Which Joe gave his name to ‘sloppy joes’? We look at five interesting sandwiches and their lexical origins.
An attack with nuclear weapons designed to destroy the enemy's nuclear weapons before use.‘a pre-emptive first strike’as modifier ‘a first-strike weapon’
- ‘It was seen as a first-strike weapon and a very destabilizing presence in the bilateral relationship.’
- ‘We believe it will be used in a first-strike capacity.’
- ‘Useful only in a first-strike scenario, communications from the transmitter would alert submarines to begin operations, leading to a potential launch of their nuclear weapons.’
- ‘We've already got more than enough for deterrence and a first-strike ability.’
- ‘These are advanced first-strike aircraft that can evade radar, which the military plans to fund to the tune of $200 billion over the next 25 years.’
- ‘Ministers and Defence chiefs are understood to be in advanced negotiations over developing a new range of much smaller and cheaper nuclear weapons that could be used to launch first-strike attacks on enemies.’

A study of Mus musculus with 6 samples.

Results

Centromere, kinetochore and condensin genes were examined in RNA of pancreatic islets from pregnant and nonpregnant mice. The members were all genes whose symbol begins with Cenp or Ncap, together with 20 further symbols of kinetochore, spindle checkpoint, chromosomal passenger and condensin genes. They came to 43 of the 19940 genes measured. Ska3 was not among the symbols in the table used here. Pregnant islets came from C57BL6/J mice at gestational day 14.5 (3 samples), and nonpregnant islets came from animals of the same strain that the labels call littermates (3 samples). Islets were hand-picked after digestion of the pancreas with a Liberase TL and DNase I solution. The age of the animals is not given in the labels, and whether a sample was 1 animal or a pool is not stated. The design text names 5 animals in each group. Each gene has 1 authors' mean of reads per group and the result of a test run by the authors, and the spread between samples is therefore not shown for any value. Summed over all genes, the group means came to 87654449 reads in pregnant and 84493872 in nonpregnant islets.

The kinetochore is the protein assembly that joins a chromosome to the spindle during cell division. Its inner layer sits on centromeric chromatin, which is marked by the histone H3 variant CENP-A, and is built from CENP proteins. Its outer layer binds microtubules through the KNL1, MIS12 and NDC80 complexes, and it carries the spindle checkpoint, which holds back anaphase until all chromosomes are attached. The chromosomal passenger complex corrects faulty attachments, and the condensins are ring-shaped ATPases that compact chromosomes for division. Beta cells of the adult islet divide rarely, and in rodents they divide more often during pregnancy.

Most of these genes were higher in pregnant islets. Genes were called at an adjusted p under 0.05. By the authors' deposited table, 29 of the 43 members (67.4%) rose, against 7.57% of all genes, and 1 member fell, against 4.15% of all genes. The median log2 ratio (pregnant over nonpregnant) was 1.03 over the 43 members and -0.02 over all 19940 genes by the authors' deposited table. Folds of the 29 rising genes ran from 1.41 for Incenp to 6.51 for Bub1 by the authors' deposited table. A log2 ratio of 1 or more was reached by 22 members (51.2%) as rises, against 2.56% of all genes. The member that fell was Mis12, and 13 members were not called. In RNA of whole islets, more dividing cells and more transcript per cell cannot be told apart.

- ‘If other elements are factored into the polling - should we wait for allied support, should we give the U.N. more time for diplomacy, for example - a majority of us oppose a first-strike approach.’
- ‘This made it both a first-strike weapon, capable of decimating entire regions, thus incapacitating the enemy, or making it a retaliatory weapon, capable of exacting revenge.’
- ‘It doesn't casually threaten first-strike use of nuclear weapons.’
- ‘At the same time, Denmark is a full member of Nato, a nuclear alliance based on the nuclear first-strike principle.’
We take a look at several popular, though confusing, punctuation marks.
From Afghanistan to Zimbabwe, discover surprising and intriguing language facts from around the globe.
The definitions of ‘buddy’ and ‘bro’ in the OED have recently been revised. We explore their history and increase in popularity.